Author Bio ▼

Dr Karen McDonnell is head of RoSPA Scotland & Occupational Health and Safety Policy Adviser. She is also the immediate past president of IOSH.
February 28, 2024


Dr Karen McDonnell, RoSPA’s Occupational Health and Safety Policy Adviser, discusses the importance of controlling noise in the workplace.

Credit: Alamy Stock

How important is your hearing to you? Where in your organisation’s risk management plan is noise reduction?

What impact does noise exposure at work have on the lives of your employees, and how many of the 11,000 workers in the UK that suffer from hearing problems due to noise exposure are ‘yours’?

Although it wasn’t written about this topic, for me the Simon and Garfunkel track ‘The Sound of Silence’ (released in the early 1960s) and the more recent cover version by Disturbed really help to convey the impact of hearing loss.

Most people recognise the direct effects that noise can have on the auditory system, resulting in noise-induced hearing loss, tinnitus or hyperacusis (sensitivity to loud noise). Even though these risks are often understood, the debilitating, disabling and isolating results of these permanent effects are greatly underestimated.

Many chemicals used in the workplace, and drugs such as some antibiotics or chemotherapy treatments, also have an ototoxic effect on our hearing system and can result in permanent hearing loss and tinnitus.

Less well-appreciated are the other known implications for health related to noise exposure – resulting in cognitive decline, coronary and circulatory problems and depression or stress.

We know that exposure to noise at work can cause irreversible hearing damage but it is preventable

One more question for you. How many of the estimated one million UK employees exposed to levels of noise which put their hearing at risk are yours?

metal grindingAccording to the Health and Safety Executive (HSE), the industries most likely to involve high levels of noise are construction, demolition, woodworking, engineering and manufacturing.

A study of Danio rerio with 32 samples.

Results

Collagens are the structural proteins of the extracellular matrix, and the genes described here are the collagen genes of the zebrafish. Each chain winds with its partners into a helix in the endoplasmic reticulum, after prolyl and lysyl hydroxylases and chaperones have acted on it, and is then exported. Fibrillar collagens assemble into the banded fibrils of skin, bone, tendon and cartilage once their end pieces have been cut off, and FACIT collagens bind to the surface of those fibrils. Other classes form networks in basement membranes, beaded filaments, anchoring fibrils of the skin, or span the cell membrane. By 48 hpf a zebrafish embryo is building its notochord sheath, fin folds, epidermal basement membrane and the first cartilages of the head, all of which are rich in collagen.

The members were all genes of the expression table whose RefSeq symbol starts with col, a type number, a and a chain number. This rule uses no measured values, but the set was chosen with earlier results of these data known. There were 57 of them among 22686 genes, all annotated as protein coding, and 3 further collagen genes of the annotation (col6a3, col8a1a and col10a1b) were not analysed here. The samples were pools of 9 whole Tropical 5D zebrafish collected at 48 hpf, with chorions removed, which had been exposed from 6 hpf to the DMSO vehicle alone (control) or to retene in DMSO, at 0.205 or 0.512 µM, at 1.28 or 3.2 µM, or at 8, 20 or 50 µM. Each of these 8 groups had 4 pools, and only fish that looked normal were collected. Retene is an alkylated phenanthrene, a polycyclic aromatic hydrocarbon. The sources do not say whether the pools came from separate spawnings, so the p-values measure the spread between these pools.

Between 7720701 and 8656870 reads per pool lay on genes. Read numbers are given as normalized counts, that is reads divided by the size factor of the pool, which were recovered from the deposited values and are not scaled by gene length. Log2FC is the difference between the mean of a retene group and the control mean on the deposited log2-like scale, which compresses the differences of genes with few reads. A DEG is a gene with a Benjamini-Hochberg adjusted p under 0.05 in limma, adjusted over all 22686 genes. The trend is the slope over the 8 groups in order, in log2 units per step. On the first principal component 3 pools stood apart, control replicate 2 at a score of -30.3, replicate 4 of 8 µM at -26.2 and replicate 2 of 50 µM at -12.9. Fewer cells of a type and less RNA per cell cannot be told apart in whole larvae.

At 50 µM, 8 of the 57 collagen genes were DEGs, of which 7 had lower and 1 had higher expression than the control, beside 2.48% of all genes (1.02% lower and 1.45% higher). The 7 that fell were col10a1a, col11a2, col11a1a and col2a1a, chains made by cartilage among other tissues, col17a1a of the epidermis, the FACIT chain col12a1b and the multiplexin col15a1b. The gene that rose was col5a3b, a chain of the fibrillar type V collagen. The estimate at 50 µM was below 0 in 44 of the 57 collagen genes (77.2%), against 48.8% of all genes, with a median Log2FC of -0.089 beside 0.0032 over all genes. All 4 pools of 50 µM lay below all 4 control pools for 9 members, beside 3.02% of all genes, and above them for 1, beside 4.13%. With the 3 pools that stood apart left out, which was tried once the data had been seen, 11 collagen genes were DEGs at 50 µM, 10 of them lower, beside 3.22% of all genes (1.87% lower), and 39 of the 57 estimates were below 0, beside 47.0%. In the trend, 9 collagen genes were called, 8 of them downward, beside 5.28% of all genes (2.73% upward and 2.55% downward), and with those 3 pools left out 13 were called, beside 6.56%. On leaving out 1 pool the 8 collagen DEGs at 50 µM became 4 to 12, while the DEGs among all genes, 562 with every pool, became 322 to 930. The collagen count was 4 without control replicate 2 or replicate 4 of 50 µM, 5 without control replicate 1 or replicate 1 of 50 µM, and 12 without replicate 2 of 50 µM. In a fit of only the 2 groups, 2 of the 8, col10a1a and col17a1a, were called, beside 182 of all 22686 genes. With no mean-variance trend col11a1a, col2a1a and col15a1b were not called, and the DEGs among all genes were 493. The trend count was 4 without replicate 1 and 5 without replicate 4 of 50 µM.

Across all industries, noise-induced hearing loss is responsible for the highest number of work-related personal injury claims. ‘Occupational deafness’ has been a prescribed disease under the Industrial Injuries Disablement Benefit scheme since 1975. In the last 10 years, it has consistently been one of the top three reasons (excluding lung conditions) for benefit awards under the scheme.

Instant noise-related hearing damage can occur from one episode of loud noise but most often, work-related harm is caused by prolonged exposure and is gradual.

All employers need to be aware of their duties under the Control of Noise at Work Regulations 2005.

Under the noise regulations, employers are required to:

  • Conduct a risk assessment to identify if there is a noise risk to employees and to identify who may be affected
  • Introduce control measures if needed to reduce noise exposure to comply with CNWR
  • Identify any employees who need to be provided with health surveillance (hearing checks) due to noise exposure
  • Provide employees with information, instruction and training about noise risks and any control measures being taken.

Further reading: How can we reduce and prevent occupational hearing loss? UKHCA Conference 2023 

Under the Regulations, employers need to take specific action once noise levels (action values) set out in the regulations are reached. The action values relate to average noise exposure over a working day or week, and to the maximum noise (peak sound pressure) to which employees are exposed in a working day.

  • The lower exposure action values are:
    • Daily or weekly exposure of 80 dB(A)
    • Peak sound pressure of 135 dB(C).
  • The upper exposure action values are:
    • Daily or weekly exposure of 85 dB(A)
    • Peak sound pressure of 137 dB(C).

Hearing ProtectionWhen considering what control measures to introduce, clear advice is provided in HSE’s guidance on the regulations (L108), which is now in its third edition. The regulations set out a hierarchy of control measures, with eliminating the noise at the source at the top and providing ear protection at the bottom.

Personal ear protection should only ever be considered after engineering controls and organisational measures (such as limiting the time spent in noisy areas) have been considered. The ideal is to design the noise out at source.

Damage to hearing is preventable if employers take the relevant action to assess and control the risks and provide health surveillance (hearing checks) for all staff who are regularly exposed to noise above the upper exposure level set out in the regulations, as well as for other employees who may be at risk of hearing damage.

For their part, workers need to take responsibility for their hearing by using any noise control devices or hearing protection provided to them, following prescribed working methods, attending any hearing checks and reporting any concerns about noise to their employer or safety rep.

Have you been listening… time to disturb the sound of silence around noise at work!

From April 2024, HSE will be focusing on the control of noise at work. Have you got it right?

From buying quiet machinery and power tools and controlling at source, to how employers check the condition, use, fit and fitness for purpose of the hearing protection provided, there is a lot that employers can do to mitigate the risks around noise.

Are you future fit? How are advances in technology linked to traditional noise control measures embedded in your forward plans?

Find out more about RoSPA by clicking here.